Éire Ecclesiastica: Notes on religious architecture in Ireland 1960-1980
Ireland has never been a country associated with Modernist architecture. Only in the years following World War II were progressive building methods and styles adopted in the state. Even then, the only sectors to really embrace innovative approaches to construction were those relating to infrastructure- edifices built for energy provision or transport. This is exemplified by the fact that one of the few examples of Modernist architecture in Ireland is a bus depot constructed in 1953 in the international style (1).
In comparison to the neighbouring United Kingdom, architectural approaches to residential and commercial buildings remained conservative and reactionary. One type of architecture which did tentatively embrace progressive approaches but which is often overlooked is ecclesiastical architecture, specifically that commissioned by the Catholic Church. The focus of this dossier is a selection of particular notable examples of ecclesiastical architecture constructed between 1960 and 1980. Although only a couple of these structures possess the typically Brutalist characteristic of béton brut they all display the architects desire to create austere, functional and honest buildings.
The buildings included in this dossier must be viewed in the light of liturgical reforms initiated by the Second Vatican Council (convened between 1962–65, (“Vatican II”), arguably one of the most important religious events of the last century. Initially led by Pope John XXIII (1958–63) and then Pope Paul VI (1963–78), the Council aimed at aggiornamento; the updating of doctrines and practices implemented by the church to engage with the congregation. Rather than formulating new dogma the aim was to encourage the clergy to educate and inculcate in more transparent, accessible ways. In addition to reforming liturgical practices, the Second Vatican Council allowed for the alteration of existing church buildings and permitted churches to be constructed in a manner that reflected the architectural trends of the 1960s and 70s. In the case of Ireland this heralde the rejection of the traditional Neo-Gothic church design in favour of new styles which could be described as tentatively modernist. The permission to accept more progressive techniques also facilitated the construction of larger buildings. The almost industrial scale on which many of these buildings were created was unprecedented in Ireland. Another of the reforms advocated by Vatican II (apparent in several of the images in this dossier) was that the altar be turned around to face the people of the congregation so that it resembled the stage of a theatre-in-the-round. These were designed to be dramatic spaces in which ritualistic displays of propagandistic power could be orchestrated.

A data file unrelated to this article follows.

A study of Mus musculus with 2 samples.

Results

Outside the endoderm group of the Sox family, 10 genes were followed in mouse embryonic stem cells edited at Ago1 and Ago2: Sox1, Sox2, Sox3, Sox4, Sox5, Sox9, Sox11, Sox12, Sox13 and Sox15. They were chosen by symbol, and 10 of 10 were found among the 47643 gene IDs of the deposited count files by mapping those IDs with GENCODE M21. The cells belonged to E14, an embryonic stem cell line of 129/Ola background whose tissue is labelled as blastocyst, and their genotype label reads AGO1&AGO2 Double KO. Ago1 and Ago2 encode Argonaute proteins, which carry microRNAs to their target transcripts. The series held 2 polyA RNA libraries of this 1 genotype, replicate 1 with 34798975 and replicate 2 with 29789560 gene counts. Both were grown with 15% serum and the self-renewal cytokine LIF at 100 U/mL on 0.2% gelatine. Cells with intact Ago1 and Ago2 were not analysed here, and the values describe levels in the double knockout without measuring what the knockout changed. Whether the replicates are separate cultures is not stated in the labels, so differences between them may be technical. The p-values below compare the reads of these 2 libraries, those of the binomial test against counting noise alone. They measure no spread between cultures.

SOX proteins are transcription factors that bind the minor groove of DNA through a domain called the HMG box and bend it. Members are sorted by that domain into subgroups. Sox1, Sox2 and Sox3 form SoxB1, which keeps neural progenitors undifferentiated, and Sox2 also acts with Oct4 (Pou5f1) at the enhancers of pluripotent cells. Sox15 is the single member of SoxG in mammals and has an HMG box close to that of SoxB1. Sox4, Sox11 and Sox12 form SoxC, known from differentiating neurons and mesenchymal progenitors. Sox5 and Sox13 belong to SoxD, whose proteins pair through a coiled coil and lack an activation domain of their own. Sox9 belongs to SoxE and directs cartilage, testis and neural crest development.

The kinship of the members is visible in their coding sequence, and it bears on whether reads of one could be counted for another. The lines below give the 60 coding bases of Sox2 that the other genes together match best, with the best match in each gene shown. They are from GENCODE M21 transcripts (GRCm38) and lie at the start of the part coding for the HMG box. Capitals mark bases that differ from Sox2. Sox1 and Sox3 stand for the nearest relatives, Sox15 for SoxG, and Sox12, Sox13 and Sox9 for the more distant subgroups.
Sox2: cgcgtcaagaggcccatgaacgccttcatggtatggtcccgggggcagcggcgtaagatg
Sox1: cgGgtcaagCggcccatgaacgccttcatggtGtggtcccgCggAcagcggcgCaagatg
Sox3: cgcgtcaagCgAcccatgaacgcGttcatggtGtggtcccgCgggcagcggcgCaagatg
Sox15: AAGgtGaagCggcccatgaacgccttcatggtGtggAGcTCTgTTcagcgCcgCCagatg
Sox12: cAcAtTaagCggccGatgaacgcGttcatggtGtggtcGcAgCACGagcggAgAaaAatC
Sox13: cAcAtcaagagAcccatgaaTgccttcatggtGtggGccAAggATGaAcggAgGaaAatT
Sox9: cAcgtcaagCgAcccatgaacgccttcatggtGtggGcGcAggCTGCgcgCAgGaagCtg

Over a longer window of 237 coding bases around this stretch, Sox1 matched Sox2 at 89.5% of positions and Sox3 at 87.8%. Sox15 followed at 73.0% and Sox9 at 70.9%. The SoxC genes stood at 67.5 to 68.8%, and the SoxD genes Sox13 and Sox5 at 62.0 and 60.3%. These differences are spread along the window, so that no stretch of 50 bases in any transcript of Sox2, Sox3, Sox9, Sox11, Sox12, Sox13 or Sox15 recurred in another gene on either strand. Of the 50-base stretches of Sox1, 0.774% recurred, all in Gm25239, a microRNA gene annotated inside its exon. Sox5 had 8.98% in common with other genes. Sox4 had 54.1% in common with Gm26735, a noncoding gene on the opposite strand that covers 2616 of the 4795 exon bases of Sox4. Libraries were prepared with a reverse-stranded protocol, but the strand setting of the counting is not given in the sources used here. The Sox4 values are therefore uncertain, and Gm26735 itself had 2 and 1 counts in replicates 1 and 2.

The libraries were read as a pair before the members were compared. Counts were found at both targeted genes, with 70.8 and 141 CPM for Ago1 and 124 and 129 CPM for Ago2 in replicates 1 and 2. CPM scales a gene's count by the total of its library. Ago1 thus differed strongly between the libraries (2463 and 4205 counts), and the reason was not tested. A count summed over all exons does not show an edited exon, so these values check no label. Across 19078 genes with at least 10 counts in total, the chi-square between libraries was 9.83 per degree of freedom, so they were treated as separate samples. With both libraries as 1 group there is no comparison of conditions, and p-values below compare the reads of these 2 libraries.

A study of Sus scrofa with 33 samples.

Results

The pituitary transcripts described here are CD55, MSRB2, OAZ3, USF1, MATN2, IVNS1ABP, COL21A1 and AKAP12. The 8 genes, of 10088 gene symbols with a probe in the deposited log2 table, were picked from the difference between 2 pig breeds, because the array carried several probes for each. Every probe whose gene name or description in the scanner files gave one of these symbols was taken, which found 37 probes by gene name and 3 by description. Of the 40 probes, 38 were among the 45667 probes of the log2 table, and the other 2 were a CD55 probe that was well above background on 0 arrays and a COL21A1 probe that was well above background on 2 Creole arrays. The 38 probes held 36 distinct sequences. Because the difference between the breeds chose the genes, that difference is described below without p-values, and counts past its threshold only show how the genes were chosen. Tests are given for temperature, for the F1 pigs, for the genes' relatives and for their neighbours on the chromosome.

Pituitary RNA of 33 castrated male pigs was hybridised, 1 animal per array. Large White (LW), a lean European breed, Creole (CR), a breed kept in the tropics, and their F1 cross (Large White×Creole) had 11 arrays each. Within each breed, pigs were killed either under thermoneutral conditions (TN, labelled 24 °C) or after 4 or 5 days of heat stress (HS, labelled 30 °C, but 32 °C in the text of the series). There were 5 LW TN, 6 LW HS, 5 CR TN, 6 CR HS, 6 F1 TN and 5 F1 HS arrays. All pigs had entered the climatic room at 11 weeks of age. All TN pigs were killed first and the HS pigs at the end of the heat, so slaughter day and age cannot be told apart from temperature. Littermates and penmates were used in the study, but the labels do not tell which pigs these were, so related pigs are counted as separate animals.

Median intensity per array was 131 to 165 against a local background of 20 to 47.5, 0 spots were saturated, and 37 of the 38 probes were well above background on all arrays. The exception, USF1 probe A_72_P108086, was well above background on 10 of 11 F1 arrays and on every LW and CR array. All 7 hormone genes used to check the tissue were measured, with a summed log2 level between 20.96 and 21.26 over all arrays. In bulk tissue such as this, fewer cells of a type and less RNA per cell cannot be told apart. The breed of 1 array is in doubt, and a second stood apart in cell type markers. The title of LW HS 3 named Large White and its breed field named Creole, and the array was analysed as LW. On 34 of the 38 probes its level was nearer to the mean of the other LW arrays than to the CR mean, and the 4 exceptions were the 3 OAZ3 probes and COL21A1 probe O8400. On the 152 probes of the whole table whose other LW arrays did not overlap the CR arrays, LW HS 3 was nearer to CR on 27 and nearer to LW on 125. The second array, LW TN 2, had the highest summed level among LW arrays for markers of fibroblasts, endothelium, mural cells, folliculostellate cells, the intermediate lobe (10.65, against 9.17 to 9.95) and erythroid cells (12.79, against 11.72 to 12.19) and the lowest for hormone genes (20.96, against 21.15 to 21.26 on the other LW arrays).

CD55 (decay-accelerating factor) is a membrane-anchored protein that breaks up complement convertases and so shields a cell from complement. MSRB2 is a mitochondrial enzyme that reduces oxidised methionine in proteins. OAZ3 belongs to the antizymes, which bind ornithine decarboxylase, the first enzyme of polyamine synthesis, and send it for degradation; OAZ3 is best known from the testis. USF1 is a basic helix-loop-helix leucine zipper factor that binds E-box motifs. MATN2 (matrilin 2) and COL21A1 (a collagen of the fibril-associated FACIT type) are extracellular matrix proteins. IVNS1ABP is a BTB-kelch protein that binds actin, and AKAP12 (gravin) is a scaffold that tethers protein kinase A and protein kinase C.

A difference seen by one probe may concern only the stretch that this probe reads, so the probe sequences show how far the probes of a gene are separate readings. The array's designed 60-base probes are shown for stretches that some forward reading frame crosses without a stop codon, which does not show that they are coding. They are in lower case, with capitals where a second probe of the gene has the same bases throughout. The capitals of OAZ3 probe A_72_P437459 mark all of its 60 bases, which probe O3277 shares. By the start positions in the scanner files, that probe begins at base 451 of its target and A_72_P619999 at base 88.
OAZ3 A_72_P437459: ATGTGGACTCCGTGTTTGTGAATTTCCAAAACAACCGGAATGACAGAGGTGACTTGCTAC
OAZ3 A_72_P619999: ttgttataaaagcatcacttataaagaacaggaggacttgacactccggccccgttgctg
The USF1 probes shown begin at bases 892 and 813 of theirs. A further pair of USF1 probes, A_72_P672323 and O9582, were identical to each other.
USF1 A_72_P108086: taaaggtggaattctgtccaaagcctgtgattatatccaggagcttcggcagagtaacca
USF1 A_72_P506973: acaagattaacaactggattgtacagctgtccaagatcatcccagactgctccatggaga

Ultimately these developments can be viewed as an attempt to rejuvenate the authority of the Catholic Church; they represent a desire to expand and maintain the congregation and reinforce the sense of power held by the Church whilst also strengthening cultural ties with the Vatican. While these structures do symbolise the hegemony of the Catholic Church they must also be viewed as providing the only opportunities for ambitious architects in Ireland to explore the creation of atmospheric lighting, fabrication of plastic forms and application of diverse textures and surfaces. This is particularly notable in the case of the churches of Liam McCormack which are unparalleled in Ireland and betray the strong influence of Eero Saarinen.
Éire Ecclesiastica was compiled to provide a local insight into one of the few ways that Modernist styles and approaches to construction were successfully adapted to the Irish context. As the images contained within this dossier reveal, the buildings are an amalgamation of vernacular elements and architectural styles. These buildings may not compare or compete with the high points of ecclesiastical architecture such as Le Corbusier’s Notre Dame du Haut at Ronchamp (1955). Nevertheless, they are noteworthy and admirable spaces of worship conceived to feel and look sacred. Today, failing attendance and infrastructural problems combined with a widespread rejection of organised religion means that the fate of several of the structures featured in this dossier is uncertain. Indeed, one of the edifices (Church of the Annunciation) is scheduled for imminent demolition. While the original function of these structures has become obsolete, and the organisation they represent has been exposed as morally bankrupt, their unique place within the topography of Irish architecture deserves acknowledgement.
-Pádraic E. Moore
1. Busáras was designed by Michael Scott and his team of young architects and designers between 1945 and 1953.